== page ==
In May and June each year, speculation about the coming of the monsoon fills newspapers and conversations across India. Everyone is concerned about if, when, and how much rain will arrive. But none have more at stake than India’s over 100 million farming households.

The Pacific-North American teleconnection pattern influences regional weather by affecting the strength and location of the East Asian jet stream, and subsequently, the weather it delivers to North America.

Over the span of days or weeks, the strength of surface air pressure over the North Atlantic seesaws between Iceland and the Azores Islands. The shifting pressure reflects changes in atmospheric circulation that have a big impact on mid-latitude weather in the U.S. and Europe. 

The Arctic Oscillation (AO) refers to an atmospheric circulation pattern over the mid-to-high latitudes of the Northern Hemisphere. The most obvious reflection of the phase of this oscillation is the north-to-south location of the storm-steering, mid-latitude jet stream.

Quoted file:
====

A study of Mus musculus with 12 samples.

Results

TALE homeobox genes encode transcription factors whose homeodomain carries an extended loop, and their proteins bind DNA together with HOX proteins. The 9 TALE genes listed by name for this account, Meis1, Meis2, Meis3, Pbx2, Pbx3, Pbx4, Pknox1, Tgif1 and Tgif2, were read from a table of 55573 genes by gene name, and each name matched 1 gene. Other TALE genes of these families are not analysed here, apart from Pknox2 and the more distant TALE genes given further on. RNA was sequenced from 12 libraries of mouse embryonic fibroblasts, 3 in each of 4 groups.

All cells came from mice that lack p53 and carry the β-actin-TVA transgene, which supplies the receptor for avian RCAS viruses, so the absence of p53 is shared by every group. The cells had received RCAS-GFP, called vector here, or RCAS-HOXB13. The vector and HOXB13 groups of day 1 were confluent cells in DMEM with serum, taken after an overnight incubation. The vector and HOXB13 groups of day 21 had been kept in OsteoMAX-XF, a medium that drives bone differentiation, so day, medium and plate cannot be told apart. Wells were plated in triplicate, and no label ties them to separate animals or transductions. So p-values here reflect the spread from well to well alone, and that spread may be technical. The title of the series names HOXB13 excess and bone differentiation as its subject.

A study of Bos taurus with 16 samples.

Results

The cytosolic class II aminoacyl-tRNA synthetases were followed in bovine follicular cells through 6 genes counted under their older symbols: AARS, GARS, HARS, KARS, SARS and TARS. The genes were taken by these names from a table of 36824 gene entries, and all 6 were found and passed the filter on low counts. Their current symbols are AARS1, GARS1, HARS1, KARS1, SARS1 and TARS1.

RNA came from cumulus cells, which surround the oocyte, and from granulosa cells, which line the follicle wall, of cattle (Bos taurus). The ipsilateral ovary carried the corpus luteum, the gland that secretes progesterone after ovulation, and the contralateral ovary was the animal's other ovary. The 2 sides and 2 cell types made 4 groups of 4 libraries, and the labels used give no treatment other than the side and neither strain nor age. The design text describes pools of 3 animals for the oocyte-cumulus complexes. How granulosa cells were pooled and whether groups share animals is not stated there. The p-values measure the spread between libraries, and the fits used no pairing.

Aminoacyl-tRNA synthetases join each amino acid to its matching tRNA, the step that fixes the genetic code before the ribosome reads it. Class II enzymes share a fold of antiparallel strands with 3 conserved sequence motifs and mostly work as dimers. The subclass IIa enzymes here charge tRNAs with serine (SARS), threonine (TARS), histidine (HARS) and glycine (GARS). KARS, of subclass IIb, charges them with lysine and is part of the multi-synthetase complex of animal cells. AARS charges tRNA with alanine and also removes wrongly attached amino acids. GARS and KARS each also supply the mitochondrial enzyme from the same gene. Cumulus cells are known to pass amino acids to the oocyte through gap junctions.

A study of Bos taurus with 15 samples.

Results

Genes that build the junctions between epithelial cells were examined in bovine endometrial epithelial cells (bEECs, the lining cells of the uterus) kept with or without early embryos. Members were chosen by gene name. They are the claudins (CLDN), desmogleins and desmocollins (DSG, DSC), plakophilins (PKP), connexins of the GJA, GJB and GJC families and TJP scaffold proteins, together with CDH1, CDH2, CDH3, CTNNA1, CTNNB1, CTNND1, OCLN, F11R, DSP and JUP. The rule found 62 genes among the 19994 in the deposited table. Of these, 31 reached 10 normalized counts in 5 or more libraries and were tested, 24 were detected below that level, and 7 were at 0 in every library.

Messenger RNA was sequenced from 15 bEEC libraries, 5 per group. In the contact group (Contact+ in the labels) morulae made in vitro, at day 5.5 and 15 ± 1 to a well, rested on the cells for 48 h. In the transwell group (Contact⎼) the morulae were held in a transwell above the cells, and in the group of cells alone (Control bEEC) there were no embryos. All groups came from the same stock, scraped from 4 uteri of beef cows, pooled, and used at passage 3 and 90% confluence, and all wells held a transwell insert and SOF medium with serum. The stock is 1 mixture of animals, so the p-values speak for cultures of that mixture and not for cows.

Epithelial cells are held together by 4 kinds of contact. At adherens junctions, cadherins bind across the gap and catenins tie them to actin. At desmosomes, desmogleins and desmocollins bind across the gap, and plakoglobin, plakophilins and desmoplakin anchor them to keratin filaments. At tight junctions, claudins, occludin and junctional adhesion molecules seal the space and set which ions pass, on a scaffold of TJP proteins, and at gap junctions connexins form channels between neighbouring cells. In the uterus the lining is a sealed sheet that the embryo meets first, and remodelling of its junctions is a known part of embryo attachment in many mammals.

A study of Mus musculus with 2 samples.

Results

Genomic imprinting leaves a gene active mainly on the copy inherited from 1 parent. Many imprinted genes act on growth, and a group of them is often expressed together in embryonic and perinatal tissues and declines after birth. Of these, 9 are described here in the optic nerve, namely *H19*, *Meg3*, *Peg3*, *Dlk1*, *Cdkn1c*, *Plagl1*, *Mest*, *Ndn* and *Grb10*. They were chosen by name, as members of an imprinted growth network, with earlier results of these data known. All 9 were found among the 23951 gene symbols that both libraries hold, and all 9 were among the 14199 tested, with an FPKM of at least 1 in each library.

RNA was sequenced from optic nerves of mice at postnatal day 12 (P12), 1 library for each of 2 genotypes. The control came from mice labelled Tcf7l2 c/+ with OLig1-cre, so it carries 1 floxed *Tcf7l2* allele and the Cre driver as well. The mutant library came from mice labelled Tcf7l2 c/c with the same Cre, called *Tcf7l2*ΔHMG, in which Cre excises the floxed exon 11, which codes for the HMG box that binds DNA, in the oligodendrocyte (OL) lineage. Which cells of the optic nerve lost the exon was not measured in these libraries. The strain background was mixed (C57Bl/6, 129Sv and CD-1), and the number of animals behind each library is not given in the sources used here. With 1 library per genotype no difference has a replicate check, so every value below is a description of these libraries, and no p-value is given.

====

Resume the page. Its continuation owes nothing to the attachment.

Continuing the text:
“El Niño is Strong!” “No, it’s Moderate!” “But the [insert your favorite ENSO indicator here] is the largest it’s been since the El Niño of 1997-98!”

reason for the spring barrier

Why is it so difficult to make a good ENSO prediction during the Northern Hemisphere spring? 

You're not the only one wondering if we will see El Niño grow or continue into this coming winter 2015.  How useful are March winds and subsurface temperatures across the tropical Pacific Ocean in predicting winter El Niño or La Niña states?  

ENSO model forecasts thumbnail

The model predictions during 2014 were not that shabby.  A major, strong El Niño was not well justified by the predictions. 

A first look at how we evaluate seasonal forecasts. How well do our eyes do?